24 Feb 2013 
#56 Does “likeness of sinful flesh” in Romans 8:3 and “likeness of men” in Philippians 2:7 imply a docetist incarnation?

To Blog Entry Page / To Tags Complete List / To My Website
Emphasis mine

In order to use the Tags function, please copy selected {tag_name} (c/w brackets), then go to the Blog Entry Page and paste it in the FIND box of your browser.

Ro 8:3 “For what the law could not do, in that it was weak through the flesh, God sending his own Son in the likeness of sinful flesh, and for sin, condemned sin in the flesh:”

Php 2:7 “But made himself of no reputation, and took upon him the form of a servant, and was made in the likeness of men:”

The word “likeness” (Greek homoiōma) is used in Ro 8:3 & Php 2:7, likely to indicate that "human flesh" or “man” is not the normal condition for the Son, which is "heavenly". And "in the likeness of sinful flesh" or "in the likeness of men" is meant to imply just that.


Ancient writers used "likeness" when a god becomes human on earth, either in a docetist (instant) way or through childbirth.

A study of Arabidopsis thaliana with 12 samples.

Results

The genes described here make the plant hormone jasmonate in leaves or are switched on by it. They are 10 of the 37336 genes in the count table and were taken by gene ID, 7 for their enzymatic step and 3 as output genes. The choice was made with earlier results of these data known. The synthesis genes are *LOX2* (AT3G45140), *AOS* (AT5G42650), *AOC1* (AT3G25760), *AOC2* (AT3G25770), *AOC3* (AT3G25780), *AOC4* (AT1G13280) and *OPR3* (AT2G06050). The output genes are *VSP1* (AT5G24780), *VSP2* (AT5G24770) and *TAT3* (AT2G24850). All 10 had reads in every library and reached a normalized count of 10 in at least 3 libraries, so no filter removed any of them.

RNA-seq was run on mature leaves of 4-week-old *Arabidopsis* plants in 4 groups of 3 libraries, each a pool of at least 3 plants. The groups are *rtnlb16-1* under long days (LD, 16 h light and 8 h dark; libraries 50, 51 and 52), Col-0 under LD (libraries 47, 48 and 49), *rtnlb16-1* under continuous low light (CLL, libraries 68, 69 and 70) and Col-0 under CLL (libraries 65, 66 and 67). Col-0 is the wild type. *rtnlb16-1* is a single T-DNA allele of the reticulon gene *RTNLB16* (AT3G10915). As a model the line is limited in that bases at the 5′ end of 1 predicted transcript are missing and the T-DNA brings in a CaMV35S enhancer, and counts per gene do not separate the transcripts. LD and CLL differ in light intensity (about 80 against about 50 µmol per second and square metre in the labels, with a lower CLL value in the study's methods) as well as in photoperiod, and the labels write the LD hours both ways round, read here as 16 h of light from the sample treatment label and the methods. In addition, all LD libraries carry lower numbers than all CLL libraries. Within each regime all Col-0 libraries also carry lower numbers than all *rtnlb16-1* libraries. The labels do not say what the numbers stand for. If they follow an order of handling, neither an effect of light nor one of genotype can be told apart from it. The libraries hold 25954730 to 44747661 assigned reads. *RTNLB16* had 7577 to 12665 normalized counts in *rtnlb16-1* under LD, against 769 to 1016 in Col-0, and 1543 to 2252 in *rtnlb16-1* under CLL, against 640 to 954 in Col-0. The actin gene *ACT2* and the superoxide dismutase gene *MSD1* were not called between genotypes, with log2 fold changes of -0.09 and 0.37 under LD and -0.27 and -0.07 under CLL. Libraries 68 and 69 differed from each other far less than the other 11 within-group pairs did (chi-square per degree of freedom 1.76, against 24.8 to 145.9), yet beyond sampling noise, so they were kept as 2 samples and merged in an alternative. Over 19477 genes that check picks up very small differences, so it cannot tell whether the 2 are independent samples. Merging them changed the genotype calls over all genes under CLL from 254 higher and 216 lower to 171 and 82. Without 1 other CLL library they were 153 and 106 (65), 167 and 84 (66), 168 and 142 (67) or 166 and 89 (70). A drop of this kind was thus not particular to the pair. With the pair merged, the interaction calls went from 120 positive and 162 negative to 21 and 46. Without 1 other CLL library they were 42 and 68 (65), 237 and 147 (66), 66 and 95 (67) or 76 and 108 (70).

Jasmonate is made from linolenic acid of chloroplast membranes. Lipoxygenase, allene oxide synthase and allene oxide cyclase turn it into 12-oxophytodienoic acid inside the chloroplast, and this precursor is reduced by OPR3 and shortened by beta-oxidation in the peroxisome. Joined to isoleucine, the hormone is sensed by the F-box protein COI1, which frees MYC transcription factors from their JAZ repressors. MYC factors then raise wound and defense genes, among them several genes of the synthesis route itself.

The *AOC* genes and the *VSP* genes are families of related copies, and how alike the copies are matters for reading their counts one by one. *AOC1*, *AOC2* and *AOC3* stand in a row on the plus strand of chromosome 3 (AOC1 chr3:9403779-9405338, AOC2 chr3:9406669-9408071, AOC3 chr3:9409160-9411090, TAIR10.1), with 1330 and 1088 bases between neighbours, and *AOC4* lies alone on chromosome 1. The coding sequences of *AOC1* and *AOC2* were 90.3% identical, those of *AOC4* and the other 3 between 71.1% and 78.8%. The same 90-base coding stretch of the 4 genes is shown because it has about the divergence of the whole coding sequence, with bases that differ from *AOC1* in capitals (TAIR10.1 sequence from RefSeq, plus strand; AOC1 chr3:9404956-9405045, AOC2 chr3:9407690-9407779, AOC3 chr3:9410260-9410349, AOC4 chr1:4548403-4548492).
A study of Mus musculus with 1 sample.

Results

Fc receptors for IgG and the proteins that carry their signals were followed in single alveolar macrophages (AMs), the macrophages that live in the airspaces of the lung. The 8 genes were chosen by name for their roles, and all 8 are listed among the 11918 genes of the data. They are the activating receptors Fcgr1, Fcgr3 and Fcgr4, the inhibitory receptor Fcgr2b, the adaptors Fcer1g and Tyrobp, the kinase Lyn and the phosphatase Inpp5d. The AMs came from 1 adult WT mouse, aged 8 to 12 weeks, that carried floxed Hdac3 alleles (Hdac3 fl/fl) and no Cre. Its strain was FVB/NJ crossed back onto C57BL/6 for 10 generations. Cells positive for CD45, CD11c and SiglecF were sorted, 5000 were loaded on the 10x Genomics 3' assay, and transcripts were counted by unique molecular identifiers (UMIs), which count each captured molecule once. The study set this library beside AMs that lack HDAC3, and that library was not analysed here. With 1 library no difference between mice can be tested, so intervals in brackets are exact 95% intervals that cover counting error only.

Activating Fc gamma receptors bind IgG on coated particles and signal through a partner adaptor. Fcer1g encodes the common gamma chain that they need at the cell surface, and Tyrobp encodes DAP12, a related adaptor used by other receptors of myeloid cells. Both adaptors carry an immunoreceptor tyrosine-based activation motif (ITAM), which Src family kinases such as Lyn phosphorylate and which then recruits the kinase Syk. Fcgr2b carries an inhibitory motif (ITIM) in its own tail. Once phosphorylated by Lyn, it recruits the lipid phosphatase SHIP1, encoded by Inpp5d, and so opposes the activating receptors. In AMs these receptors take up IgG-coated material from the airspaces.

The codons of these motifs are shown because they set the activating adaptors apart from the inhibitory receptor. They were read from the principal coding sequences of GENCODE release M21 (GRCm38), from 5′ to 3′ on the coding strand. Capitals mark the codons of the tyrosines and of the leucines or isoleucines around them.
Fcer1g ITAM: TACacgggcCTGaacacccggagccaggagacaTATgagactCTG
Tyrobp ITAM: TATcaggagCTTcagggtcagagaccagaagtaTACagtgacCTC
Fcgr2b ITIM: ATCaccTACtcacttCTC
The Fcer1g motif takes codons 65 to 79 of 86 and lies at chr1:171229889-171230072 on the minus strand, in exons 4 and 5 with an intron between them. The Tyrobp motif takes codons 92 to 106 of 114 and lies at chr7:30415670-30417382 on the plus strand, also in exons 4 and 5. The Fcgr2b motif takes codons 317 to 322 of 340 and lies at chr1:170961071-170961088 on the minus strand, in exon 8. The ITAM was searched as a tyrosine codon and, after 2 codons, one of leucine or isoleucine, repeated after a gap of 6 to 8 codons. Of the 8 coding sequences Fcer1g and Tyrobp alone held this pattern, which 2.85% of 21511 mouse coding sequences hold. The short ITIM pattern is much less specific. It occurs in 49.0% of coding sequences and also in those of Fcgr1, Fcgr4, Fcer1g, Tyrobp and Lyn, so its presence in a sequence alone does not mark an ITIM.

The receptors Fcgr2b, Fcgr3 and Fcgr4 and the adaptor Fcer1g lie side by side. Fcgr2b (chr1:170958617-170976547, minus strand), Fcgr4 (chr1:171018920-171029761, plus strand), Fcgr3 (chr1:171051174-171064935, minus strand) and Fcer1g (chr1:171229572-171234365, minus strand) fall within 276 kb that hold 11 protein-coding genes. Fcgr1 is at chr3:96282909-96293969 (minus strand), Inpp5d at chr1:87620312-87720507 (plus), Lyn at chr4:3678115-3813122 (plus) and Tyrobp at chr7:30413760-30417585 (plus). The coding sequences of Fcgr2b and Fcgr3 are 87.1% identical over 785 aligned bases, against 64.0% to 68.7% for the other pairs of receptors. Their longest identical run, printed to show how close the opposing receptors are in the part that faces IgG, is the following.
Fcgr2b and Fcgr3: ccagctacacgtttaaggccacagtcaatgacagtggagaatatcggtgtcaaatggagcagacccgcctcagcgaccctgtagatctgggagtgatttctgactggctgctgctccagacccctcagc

Here are two examples for god to “born of woman” incarnation:

a) Herodotus, 'Histories', Book 7, Chapter 56 "When Xerxes had passed over to Europe, he viewed his army crossing under the lash. Seven days and seven nights it was in crossing, with no pause. It is said that when Xerxes [the Persian king] had now crossed the Hellespont, a man of the Hellespont cried, “O Zeus, why have you taken the likeness of a Persian man and changed your name to Xerxes, leading the whole world with you to remove Hellas from its place? You could have done that without these means.”

Certainly Herodotus and any other person would know Xerxes was a man "in sinful flesh". Furthermore, the comment is not prompted by the nature of the Persian king's body, but because of the enormous size of his army. Anyway, it shows that “likeness” can be used for an incarnation from a god to a “born of woman” human being.

b) 'The Ascension of Isaiah' 4:2 “After it is consummated, Beliar the great ruler, the king of this world, will descend, who hath ruled it since it came into being; yea, he will descent from his firmament in the likeness of a man, a lawless king, the slayer of his mother: ...”

This relates to emperor Nero, who had his mother Agrippina killed. Once again, the author used “likeness” about the alleged incarnation of a heavenly deity to a real man.


Cordially, Bernard

Tags: {docetism} {likeness} {Paul}
Your comment: please copy "post #56" (to be pasted in your reply) and then click on "New Comment".